Clear back in Episode #7 of The Darkhan City Times Awesome Things Podcast we had a discussion on effective comic book storytelling. (click on the link to the right to give a listen) As an example, we discussed how at SCAD we had the assignment to draw and write the classic "Tortoise and the Hare" story...but without any dialogue whatsoever. It was a great exercise in the importance of clear and effective storytelling even when you can't rely on dialogue to explain what's going on. So below you'll find my version of the assignment with my comments on what I think works well storytelling-wise, and what doesn't. (I've hopefully come a long way since then!)
-What I think works here is that the character designs are very distinctive. The characters are obviously very different in both the way they dress, their body type, their posturing, and their personalities. It's pretty easy to see that the hare is the buff, athletic type and a real arrogant show-off, whereas the tortoise is just the opposite. You'll notice that while I couldn't use dialogue, I kind of "beat the system" with my "word balloons." Really look and see if you'd be able to get what's going on in the story as if you'd never heard this familiar story before.
-I like how at the beginning of the story, right before the actual "story" starts, we get a look at the two characters and their attitudes. Here's the cocky hare: BOOM. Here's the humble tortoise: BOOM. And between them is the checkered racing flag. Immediately we know that the story is about a race, as the checkered flag is universally associated with racing. And its positioning between the two characters also symbolically suggests that this race is the conflict "between" them, what divides them.
-Starting on this page and throughout the whole story, the backgrounds are pretty sparse and weak. It makes it harder to really be drawn into and to believe in the story.
-The relative speed of the two characters is really shown, as well as the way they approach their racing. Totally intense / slow and steady.
-Those big puffy things in panel one are my "lazy trees." My professor thought they were clouds. In that case they would have been "lazy clouds." Hard to recognize. This panel doesn't do much to really give us an idea of where this scene is taking place, but it DOES hint that it's a new day (rising sun) and thus time for the race.
-The racing and the way the characters are facing (as well as the panel with the gun going off) is right to left. This is counter-intuitive to the Western culture, which reads books left to right, so it can subconsciously slow down (not good in a "racing" story) or just plain muck-up the story flow for the reader. In Eastern culture, this would be the opposite, as they do read right to left.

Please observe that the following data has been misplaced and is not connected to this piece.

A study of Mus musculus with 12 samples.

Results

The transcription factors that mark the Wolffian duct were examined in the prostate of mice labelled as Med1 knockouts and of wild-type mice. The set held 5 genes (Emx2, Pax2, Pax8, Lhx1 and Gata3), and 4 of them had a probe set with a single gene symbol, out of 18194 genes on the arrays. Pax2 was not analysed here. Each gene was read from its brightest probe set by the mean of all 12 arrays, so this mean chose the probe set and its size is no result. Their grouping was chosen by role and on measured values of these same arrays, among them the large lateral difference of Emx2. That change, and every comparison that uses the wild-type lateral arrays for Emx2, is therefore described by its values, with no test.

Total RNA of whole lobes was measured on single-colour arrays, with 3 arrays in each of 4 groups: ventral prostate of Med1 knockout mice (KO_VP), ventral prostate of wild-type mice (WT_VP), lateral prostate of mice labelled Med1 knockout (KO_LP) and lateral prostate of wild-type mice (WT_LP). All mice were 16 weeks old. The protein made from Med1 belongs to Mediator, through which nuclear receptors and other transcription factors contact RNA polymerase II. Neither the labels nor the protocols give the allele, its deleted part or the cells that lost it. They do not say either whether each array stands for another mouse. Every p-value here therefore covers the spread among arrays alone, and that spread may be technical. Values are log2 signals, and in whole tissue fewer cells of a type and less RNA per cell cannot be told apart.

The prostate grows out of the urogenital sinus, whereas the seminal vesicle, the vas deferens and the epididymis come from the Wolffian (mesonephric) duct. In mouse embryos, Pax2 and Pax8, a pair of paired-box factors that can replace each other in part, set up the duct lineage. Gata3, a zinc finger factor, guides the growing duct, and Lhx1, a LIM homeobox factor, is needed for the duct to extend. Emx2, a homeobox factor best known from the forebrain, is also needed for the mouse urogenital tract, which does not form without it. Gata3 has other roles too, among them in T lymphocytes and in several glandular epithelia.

-I like the humorous "beat" between panels 1 and 2. That awkward pause as the burning flag slowly floats down, and THEN the slow tortoise gets going.
-I also like the action shot of the hare in panel 3. The foreshortening as he flies toward us, plus the speedlines, really give us a sense of ridiculous speed.
-Again, the action is going right to left instead of left to right.
-The last panel where we see the hare's trail of speed as he tears through the countryside could have been more effective if, in addition to the leaves being blown around in the distance, one or two leaves were between his speed trail and the "camera" of our eye, as if they were floating close to us. It would have added an extra sense of depth and thus realism and involvement to the scene, drawing us in as if we're really there. It would make it really seem as if the hare had gone from being close to us to far away as he races by.
-The zoom in on the rock on the ground, which we may have missed in the first panel, emphasizes its existence and its importance to the action.
-I really like the action and funny expressions of the hare after he trips. Again it brings humor to the story and emphasizes his speed.
-Again, the direction the action flows should be from left to right, not right to left.
-I could have emphasized the "close-up of the rock" panel even more to make it even more visible to the reader.
-It would also be a good idea to bring the last panel with the tortoise down to the bottom of the page instead of having it touching the top of the last hare panel. There's a slight risk that the reader's eye will flow to the tortoise panel before the hare's last panel, and that interrupts the flow of the story.
-Showing the tortoise as a silhouette and pulling back the "camera" of our eye in panel 1 breaks up the monotony of just seeing him running panel after panel. Look for ways to keep the action interesting, even if virtually the same thing is happening several panels in a row. (this is very important for scenes where characters are just having a conversation)
-I also like how the passage of time is shown with the moon and the sun in various panels. It emphasizes that this is one slow dude. It's also more funny.
-Panel 2 shows where the two characters are relative to each other. Now we know for certain that they have been traveling the same course the entire time, and haven't just been on different roads somewhere. (which could have been the case if we never showed them together at all once the race started)
-I like how the tortoise bursting through the tape to much fanfare is almost an exact duplicate of the scene his word ballon describes on page 1. It gives the sense the story has come full circle.
-Also the last panel of the hare being carried away on a stretcher brings HIS story full circle. We're not left wondering whatever became of him after he hit that tree.
-Again, the action should be going left to right instead of right to left.
So I hope this has helped! We'd be happy to hear your thoughts and comments. Happy storytelling!